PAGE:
The two landmasses that make up the bulk of New Zealand–the North Island and the South Island–are less than 25 kilometers apart but couldn’t be more different. The North Island hosts the country’s largest city, Auckland, and is known for towering volcanoes, legendary surfing beaches, and a relatively balmy climate. On the colder and quieter South Island, the rugged landscape is pierced by glassy lakes, rolling glaciers, and snow-capped mountains–familiar backdrops to fans of the Lord of the Rings movie trilogy. Recent research reveals that the islands’ differences extend all the way down to their rodents. And the findings could change our understanding of history.
It all started two decades ago, when zoologist Carolyn King and one of her students were untangling the origins of New Zealand’s invasive mice through genetic analysis. As expected, the researchers found that house mice on the North Island descended from European mice that hitchhiked on the ships of British colonists two centuries ago.
But when King and her team analyzed South Island mice, they discovered that the animals were related to a Southeast Asian mouse, a subspecies that is widespread in China but had never been found outside of Asia. The stray mice baffled King, who is based at the University of Waikato in New Zealand. “We couldn’t think where they came from,” she says.
The rodent riddle deepened in 2019, when researchers at New Zealand’s University of Auckland uncovered the same trend in Norway rats. The South Island’s animals matched with a strain known only from China, while the North Island rats were closest to England’s.
The mounting evidence suggested that rats and mice had voyaged from China to the South Island in the 1800s, when New Zealand was still part of British colony Australia. But there were no historical records—at least in English—of direct contact between China and the South Island that would explain how the rodents had arrived. King began to suspect that the circumstances of the rodents’ travel were not entirely above board.
In 2022, King coauthored a study offering a tantalizing explanation: the rodents arrived with traders who sailed to China to illegally sell the pelts of New Zealand fur seals, then returned to the South Island. In the 1800s, abundant fur seal rookeries dotted the South Island’s rugged coastline, with pelts the island’s only lucrative commodity. And in Canton (now Guangzhou), a bustling south China port city that formed the backbone of international trade, fur seal pelts were gaining value as the world’s sea otters and their precious fur became scarce. Those bold enough to dodge the rules by hunting fur seals could make a fortune.
At the turn of the 19th century, conditions were ripe for shady dealings to flourish. The profit-hungry British East India Company tightly controlled its own monopoly on maritime trade by outlawing the colony from direct business with China and India. Most official trade ships from London, England, made pit stops in Sydney, Australia, en route to supplying New Zealand’s main port on the North Island.
King hypothesized that unscrupulous fur traders bypassed Sydney on their way to and from Canton to avoid authorities. “Those who wanted to sidestep the regulations did it very quietly,” she says. Such secretive voyages would have also evaded official record-keeping.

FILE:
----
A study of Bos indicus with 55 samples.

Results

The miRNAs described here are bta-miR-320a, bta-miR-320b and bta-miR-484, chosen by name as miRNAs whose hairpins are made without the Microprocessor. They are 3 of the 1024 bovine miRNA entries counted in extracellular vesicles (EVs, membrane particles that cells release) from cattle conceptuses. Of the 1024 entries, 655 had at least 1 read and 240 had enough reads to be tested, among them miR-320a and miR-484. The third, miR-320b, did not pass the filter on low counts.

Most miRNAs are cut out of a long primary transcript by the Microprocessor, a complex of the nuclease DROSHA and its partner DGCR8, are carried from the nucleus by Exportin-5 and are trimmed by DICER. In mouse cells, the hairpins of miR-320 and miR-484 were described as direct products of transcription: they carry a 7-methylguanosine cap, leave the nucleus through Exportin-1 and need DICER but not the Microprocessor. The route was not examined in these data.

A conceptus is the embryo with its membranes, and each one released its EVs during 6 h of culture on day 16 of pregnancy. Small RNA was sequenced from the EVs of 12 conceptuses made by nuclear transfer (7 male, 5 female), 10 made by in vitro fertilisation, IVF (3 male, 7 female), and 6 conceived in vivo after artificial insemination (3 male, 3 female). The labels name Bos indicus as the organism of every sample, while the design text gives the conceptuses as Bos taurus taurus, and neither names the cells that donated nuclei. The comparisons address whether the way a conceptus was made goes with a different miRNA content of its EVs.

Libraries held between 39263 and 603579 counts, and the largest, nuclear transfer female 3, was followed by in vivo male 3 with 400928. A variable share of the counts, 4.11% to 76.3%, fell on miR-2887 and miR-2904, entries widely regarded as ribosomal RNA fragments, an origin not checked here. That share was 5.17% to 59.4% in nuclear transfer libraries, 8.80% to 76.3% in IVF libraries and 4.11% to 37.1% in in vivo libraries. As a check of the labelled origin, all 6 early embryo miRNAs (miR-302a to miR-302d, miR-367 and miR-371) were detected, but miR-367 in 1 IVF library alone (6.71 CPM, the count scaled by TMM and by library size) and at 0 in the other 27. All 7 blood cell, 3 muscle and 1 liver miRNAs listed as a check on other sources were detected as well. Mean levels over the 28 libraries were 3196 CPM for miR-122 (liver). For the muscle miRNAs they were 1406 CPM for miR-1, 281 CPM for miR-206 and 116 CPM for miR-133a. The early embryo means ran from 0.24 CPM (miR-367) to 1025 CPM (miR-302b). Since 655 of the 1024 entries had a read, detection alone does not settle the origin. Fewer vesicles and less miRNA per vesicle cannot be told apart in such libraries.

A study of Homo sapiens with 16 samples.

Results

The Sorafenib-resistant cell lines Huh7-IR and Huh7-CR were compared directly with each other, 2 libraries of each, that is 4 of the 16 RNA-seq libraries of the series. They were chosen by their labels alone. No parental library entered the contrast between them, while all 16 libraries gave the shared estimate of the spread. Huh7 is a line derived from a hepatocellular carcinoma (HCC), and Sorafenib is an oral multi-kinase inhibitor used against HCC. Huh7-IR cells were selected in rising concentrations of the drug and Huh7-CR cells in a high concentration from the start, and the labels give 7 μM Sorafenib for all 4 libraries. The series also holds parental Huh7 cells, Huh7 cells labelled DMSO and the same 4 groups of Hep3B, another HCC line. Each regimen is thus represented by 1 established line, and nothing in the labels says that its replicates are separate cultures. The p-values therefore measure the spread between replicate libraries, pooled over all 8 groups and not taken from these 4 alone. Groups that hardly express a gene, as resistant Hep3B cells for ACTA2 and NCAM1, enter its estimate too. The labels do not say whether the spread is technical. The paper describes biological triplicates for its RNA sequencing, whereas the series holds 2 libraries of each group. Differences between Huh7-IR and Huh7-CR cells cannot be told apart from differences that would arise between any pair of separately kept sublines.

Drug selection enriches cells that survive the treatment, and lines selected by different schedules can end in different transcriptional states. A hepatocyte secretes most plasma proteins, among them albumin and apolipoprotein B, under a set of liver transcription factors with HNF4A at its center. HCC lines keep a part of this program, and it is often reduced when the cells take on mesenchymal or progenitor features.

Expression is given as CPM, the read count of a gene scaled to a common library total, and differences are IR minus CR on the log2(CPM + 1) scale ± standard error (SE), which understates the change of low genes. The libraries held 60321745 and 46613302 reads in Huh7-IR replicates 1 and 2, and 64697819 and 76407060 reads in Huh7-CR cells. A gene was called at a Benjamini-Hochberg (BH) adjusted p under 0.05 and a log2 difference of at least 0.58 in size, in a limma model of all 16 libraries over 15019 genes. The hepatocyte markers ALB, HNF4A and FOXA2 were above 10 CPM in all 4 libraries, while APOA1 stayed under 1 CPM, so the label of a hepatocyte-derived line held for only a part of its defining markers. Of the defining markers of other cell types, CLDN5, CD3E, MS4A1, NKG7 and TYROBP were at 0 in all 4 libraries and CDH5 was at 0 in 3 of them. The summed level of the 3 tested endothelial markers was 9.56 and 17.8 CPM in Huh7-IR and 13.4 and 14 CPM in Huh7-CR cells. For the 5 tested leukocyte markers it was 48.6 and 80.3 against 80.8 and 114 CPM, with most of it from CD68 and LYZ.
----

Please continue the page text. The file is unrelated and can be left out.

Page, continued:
To determine whether the South Island’s invasive rodents arrived on official voyages, or via a secret shipping route directly from China, King and her coauthors compared the rodent DNA with genetic material from 19th-century rat and mouse specimens unearthed near Sydney’s port.
The results bolstered King’s suspicions. The Sydney house mice had European ancestry and the rats’ genes matched those of Norway rats found in Britain and the North Island. There was no trace of Southeast Asian house mice genes or the Chinese strain of rat—evidence that the ships carrying rodents from China didn’t pass through Sydney. Or, most of them didn’t.
Philippa Mein Smith, a historian at the University of Canterbury in New Zealand who was not involved in the research, says that there is some evidence of nefarious dealings through the port. In 1806, colonial authorities busted Simeon Lord, an ex-convict and sealing entrepreneur based in Sydney, for shipping 87,000 sealskins collected in the Antipodes Islands, south of New Zealand, to Canton via Sydney. But by some small miracle, Lord’s voyage must not have let any rodents loose.
The rogue traders that did evade detection by avoiding official shipping routes would have never suspected that the genes of stowaway mice and rats could reveal their movements centuries later. “The [rodents] gave them away,” says King.
Mein Smith says that King’s conclusion is plausible, given that many Sydney traders were at least as devious and profit-hungry as Lord. “There were all sorts of underhanded deals going on,” she says.
Although historians had an inkling there was a clandestine trade in fur seal pelts between Australia and China, the dearth of historical evidence made it difficult to confirm.
Genetic evidence can uncover information about the past that can’t be found in historical records or accounts, says study coauthor Andrew Veale, a vertebrate pest ecologist and geneticist at Manaaki Whenua Landcare Research. “DNA has this ability to tell the story of what really happened.”
This article first appeared in Hakai Magazine and is republished here with permission.